California, which has more Hispanic residents than all the other southwestern states combined, has only a handful of Latino officeholders, and efforts to harness the community into a formidable political force have proven to be extremely difficult.

Although two more Latino candidates are well on their way to Congress, a gubernatorial candidate fell by the wayside this year to popular Los Angeles Mayor Tom Bradley, who is black.

And, after a series of difficult primary races, prospects for an increase in the number of Latinos serving in the legislature seem dim, despite an increase of 22 Latinos in school board and city council offices.

With more than 20 percent of the state's population estimated to be of Hispanic descent, California politicians--particularly in the Democratic Party--have pondered for years how to turn them into a productive voting bloc. But Latinos in Texas, New Mexico and Arizona have had more success electing Hispanic mayors and governors than have their counterparts in California.

Ricardo Nieto, senior consultant to the state assembly's elections and reapportionment committee, said many California Hispanics are spread out in the Central Valley and in large city suburbs, making it more difficult to draw districts concentrating their power.

Assemblyman Art Torres, the winner in the Democratic primary for the east Los Angeles 24th state senate district, said so many Latinos are non-citizens, underage or out of touch with politics that they probably constitute only about 15 percent of registered voters in the state.

And those who do vote often chose candidates on other than ethnic grounds. The state's first viable Latino candidate for governor, former health and welfare secretary Mario Obledo, polled only 5 percent of the vote in the June 8 Democratic primary against Bradley.

Bill Calderon, field operations director for the Southwest Voter Registration Education Project, said statistics may show that Obledo's candidacy did encourage many Hispanics to register for the first time, "which would justify his campaign."

Calderon's foundation-supported group conducted voter-registration campaigns in 45 areas of the state in an effort to increase overall Hispanic participation.

In the Torres race, his opponent, state Sen. Alex Garcia, was enraged that the 35-year-old assemblyman wanted to take his seat. During the campaign, Garcia materials underlined the fact that Torres is not a Roman Catholic (he is a Baptist), and alleged that Torres did not speak Spanish (he does).

One brochure offered a $100 savings bond to any voter who could find Torres' home. It also alluded to Torres' television newscaster wife, Yolanda Nava, and her use of a different last name in a way that suggested that the couple, who have two children, were not married. Garcia later said he meant to show that Torres lived in Sacramento, but not to cast doubt on his marital status.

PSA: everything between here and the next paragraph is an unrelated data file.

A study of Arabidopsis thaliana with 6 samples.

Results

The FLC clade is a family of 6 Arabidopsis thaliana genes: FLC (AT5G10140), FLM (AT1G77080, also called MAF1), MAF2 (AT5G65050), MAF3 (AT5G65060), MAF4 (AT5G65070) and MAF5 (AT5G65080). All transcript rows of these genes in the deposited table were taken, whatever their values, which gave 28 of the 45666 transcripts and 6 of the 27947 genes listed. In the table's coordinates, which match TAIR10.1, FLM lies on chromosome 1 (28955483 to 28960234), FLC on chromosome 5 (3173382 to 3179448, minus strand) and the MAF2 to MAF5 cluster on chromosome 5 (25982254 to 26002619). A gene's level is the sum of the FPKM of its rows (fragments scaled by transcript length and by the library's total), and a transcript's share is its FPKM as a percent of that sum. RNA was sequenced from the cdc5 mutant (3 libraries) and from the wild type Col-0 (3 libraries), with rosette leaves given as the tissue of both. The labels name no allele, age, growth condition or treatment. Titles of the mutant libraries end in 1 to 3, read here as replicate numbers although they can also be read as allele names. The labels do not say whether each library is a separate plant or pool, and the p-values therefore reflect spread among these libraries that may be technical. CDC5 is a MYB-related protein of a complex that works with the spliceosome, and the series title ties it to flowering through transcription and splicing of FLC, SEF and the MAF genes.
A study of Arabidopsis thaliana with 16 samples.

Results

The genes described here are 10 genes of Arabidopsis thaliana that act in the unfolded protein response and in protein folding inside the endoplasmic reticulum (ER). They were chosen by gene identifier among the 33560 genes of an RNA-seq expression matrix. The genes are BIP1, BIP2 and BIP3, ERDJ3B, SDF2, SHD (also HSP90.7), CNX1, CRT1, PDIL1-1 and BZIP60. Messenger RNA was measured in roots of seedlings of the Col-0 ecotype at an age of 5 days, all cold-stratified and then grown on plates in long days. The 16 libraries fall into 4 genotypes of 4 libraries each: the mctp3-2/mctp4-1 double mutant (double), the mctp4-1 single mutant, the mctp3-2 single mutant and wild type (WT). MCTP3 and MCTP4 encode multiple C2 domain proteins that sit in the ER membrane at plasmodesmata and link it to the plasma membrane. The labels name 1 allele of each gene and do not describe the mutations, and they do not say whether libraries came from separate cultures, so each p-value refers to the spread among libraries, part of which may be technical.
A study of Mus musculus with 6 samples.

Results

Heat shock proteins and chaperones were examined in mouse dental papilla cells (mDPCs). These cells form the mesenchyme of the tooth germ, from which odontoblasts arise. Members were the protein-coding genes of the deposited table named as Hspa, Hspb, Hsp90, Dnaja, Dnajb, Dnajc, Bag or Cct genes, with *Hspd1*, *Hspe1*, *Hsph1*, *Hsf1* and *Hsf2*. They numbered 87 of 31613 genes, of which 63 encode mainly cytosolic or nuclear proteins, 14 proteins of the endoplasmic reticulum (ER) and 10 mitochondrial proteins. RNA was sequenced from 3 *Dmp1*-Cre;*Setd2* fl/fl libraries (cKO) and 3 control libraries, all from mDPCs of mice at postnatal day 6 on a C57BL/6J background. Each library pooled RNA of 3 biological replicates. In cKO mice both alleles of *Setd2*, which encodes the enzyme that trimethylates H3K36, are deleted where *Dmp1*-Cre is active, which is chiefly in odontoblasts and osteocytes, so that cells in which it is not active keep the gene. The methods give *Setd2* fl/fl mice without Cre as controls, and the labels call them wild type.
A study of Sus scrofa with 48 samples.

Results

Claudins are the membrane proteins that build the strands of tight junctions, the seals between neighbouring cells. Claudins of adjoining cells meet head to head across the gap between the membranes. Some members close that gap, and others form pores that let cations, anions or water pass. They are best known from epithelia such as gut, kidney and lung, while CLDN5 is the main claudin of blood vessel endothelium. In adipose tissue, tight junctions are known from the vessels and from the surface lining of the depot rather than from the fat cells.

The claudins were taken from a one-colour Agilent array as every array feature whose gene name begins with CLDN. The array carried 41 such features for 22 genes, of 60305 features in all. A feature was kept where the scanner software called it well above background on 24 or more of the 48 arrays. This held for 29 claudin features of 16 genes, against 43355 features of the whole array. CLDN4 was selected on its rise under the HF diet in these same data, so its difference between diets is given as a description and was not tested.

Torres' former chief deputy, Gloria Molina, won the Democratic nomination to his assembly seat in a bitter race with former gubernatorial aide Richard Polanco. She is not expected to become the state's first female Hispanic legislator.

But farm labor leader Cesar Chavez, perhaps California's best known Hispanic, contributed manpower to try to beat both Torres and Molina, because Torres supported Willie Brown for assembly speaker in 1980 against Chavez' wishes.

In the Orange County 32nd senate district, carved out to favor a Latino candidate, Santa Ana City Councilman Al Serrato lost to former county Democratic chairman Frank Barbaro, an attorney of Italian descent who had helped many Latinos in his law practice.

The state senate will lose one Hispanic member, Republican Marz Garcia, who ran unsuccessfully for the lieutenant governor's nomination. Democrats often do not count him as a part of the Latino bloc because his Palo Alto district had few Latinos and he does not usually share the views of Democrats.

The state's single Hispanic member of Congress, Democratic Rep. Edward R. Roybal, is expected to be joined by former UNESCO ambassador Esteban Torres, who won the Democratic nomination in a new 34th District carved out especially by Rep. Phillip Burton, a reapportionment wizard. In the 30th District, vacated when Democrat George Danielson accepted a judgeship, Hispanic assemblyman Matthew G. Martinez won the Democratic primary. But he must contend in the November election with Rep. John H. Rousselot, a conservative Republican thrown into the contest by reapportionment .

Hispanic voters often take the conservative position on issues like crime and abortion, and Rousselot has a successful local Latino businessman, Salvador Montenegro, as his campaign chairman. "Hispanic voters tend to be a very patriotic group," Rousselot said. But Democratic activists, who generally dislike Rousselot, will be making a special effort to beat him. "I would even be willing to lose Phil Burton [the state's leading congressional Democrat] if I could get Rousselot," said one.